Craft Makers in Residence at Design Centre Chelsea Harbour
25th January 2022
QEST Scholars will be demonstrating their crafts at the Design Centre Chelsea Harbour for five days in February for Crafts Makers in Residence. The exhibiting makers are straw artist Estella Castle, mosaic artist Gary Drostle, decorative and mural artist Phyllis Clair Smith, katazome textile designer Sarah Desmarais, ceramicist Bryony Applegate, embroiderer Kate Pankhurst and textile weaver Laura Adburgham. Visit the world’s premier destination for interior design to see them at work 7-11 February 2022.
Inspired by intricate structures and irregular details found within the natural world, QEST D’Oyly Carte Charitable Trust Scholar Laura Adburgham creates one-of-a-kind textiles for fashion and interiors. Starting with natural yarns such as linen, wool, paper and silk, every stage is done by hand, from setting up the loom to applying finishing techniques.
During the week Laura will be hand-weaving new designs on an 8-shaft table loom and displaying scarves and swatches in mostly natural materials such as linen, cotton, bamboo, silk and wool.
QEST Garfield Weston Foundation Scholar Bryony Applegate specialises in high-end tableware and ceramic objects for interiors, which blur the boundaries between sculpture and utility. Combining material-led research with precise and minimalist design, her aim is to ensure form and function work in harmony. She will be creating an installation piece consisting of approximately 100 piped and cast semi-circles, presented as a landscape on the wall.
QEST Pilgrim Trust Scholar Estella Castle practices the endangered crafts of corn dolly making and straw working, and connects museum collections with local communities through events, performances and exhibitions. She will be creating straw work pieces using endangered UK heritage straw work techniques, Swiss straw work techniques and spinning straw into thread.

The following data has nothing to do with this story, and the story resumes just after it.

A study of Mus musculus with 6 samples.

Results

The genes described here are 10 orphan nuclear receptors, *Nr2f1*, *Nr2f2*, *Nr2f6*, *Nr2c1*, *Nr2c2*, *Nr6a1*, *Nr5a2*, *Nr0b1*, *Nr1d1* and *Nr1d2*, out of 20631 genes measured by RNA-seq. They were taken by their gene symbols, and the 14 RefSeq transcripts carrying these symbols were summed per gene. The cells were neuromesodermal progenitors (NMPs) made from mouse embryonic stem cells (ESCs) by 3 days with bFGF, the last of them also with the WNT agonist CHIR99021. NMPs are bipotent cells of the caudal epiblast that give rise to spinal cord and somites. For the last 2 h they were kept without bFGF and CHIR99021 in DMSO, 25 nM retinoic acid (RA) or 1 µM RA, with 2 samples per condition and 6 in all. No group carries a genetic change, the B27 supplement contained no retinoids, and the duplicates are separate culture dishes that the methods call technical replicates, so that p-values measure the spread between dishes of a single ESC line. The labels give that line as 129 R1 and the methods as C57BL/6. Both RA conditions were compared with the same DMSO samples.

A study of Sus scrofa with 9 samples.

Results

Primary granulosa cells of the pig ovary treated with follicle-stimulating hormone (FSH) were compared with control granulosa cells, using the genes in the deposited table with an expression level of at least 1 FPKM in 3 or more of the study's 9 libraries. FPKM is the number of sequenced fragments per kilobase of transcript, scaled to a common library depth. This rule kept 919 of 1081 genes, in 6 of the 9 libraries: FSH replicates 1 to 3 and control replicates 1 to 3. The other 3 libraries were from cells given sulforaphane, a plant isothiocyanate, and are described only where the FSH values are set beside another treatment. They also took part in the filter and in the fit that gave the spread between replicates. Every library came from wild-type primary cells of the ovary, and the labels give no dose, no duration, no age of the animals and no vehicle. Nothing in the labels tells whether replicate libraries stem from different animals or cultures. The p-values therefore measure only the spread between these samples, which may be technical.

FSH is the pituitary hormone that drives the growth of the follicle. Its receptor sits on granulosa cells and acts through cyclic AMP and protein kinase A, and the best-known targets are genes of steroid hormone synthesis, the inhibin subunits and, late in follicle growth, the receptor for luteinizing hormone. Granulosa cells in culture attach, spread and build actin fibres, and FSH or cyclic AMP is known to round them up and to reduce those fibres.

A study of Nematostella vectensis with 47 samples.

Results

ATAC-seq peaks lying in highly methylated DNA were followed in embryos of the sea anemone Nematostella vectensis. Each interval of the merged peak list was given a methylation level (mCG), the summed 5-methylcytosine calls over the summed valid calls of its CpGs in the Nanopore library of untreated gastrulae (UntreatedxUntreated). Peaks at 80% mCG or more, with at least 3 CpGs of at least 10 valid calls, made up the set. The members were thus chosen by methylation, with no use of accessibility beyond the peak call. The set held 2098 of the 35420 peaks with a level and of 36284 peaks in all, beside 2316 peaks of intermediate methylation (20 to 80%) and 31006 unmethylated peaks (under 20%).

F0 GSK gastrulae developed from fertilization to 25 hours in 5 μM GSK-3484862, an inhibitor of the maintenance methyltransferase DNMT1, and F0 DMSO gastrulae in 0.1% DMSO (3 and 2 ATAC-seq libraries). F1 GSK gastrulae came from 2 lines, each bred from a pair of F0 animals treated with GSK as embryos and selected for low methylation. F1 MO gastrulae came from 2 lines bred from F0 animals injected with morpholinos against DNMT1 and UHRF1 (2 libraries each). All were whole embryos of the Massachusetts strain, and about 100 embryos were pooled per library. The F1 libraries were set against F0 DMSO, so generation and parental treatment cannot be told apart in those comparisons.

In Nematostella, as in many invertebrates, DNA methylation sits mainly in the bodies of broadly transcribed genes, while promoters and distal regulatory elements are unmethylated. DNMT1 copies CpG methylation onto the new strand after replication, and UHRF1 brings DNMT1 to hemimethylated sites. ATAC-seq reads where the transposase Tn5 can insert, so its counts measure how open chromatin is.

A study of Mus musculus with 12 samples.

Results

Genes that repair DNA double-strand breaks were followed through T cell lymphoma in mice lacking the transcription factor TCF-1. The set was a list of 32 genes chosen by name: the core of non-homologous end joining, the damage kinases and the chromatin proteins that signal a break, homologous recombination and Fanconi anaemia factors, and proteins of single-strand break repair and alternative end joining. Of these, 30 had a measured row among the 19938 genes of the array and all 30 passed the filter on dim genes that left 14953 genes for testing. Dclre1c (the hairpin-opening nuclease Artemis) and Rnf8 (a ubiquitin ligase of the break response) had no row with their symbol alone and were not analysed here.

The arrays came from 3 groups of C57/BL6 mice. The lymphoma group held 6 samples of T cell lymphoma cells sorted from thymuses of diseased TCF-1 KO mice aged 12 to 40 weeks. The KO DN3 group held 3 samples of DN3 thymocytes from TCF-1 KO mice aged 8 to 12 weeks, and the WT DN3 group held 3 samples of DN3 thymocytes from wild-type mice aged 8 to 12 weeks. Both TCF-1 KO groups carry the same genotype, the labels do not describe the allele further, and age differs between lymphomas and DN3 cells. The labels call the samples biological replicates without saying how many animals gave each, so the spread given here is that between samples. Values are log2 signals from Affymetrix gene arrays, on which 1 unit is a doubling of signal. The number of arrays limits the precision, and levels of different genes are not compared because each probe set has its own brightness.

QEST Garfield Weston Foundation Scholar Sarah Desmarais produces hand-printed silks and handsewn garments using traditional means: drawing, resist printing, hand dyeing and hand stitching. She patterns cloth using the materials of Japanese katazome – paper stencils and a rice paste resist. She will be working on some handmade books using her katazome handprinted fabrics
QEST Scholar Gary Drostle designs and hand-crafts exclusive mosaics, mosaic sculptures and mural artworks for interior and exterior spaces. He will be working on a small mosaic panel in one of his signature fishpond mosaic designs. The mosaic will be made in glass using the traditional paper face indirect technique which is his speciality. The glass tiles used are left over from his work restoring the Paolozzi Mosaics for Tottenham Court Road tube station.
QEST D’Oyly Carte Charitable Trust Scholar Kate Pankhurst employs traditional embroidery techniques with a contemporary twist. She will be demonstrating goldwork techniques, or more precisely metalwork (in silver), in a hoop. She will also be preparing components to make small bobbin boxes.
In 2021, Kate was awarded first place in the Hand & Lock Prize for Embroidery (Textile Art Student category) for her whimsical timepiece Lockdown O’Clock, and the Worshipful Company of Gold & Silver Wyre Drawers Associate Award for the best use of the goldwork embroidery technique.
QEST Howdens Scholar Phyllis Clair Smith is skilled in verre églomisé, grisaille, decorative painting, surface design and restoration. She enjoys the challenge of creating original solutions to decorative problems using her in-depth knowledge of materials in a wide variety of ways.
Phyllis will be painting a range of faux marble finishes on three plinths, showcasing some of the techniques she is learning as part of her QEST scholarship with Pierre Beaudry, alongside a display of works inspired in part by the natural patterns found in marble.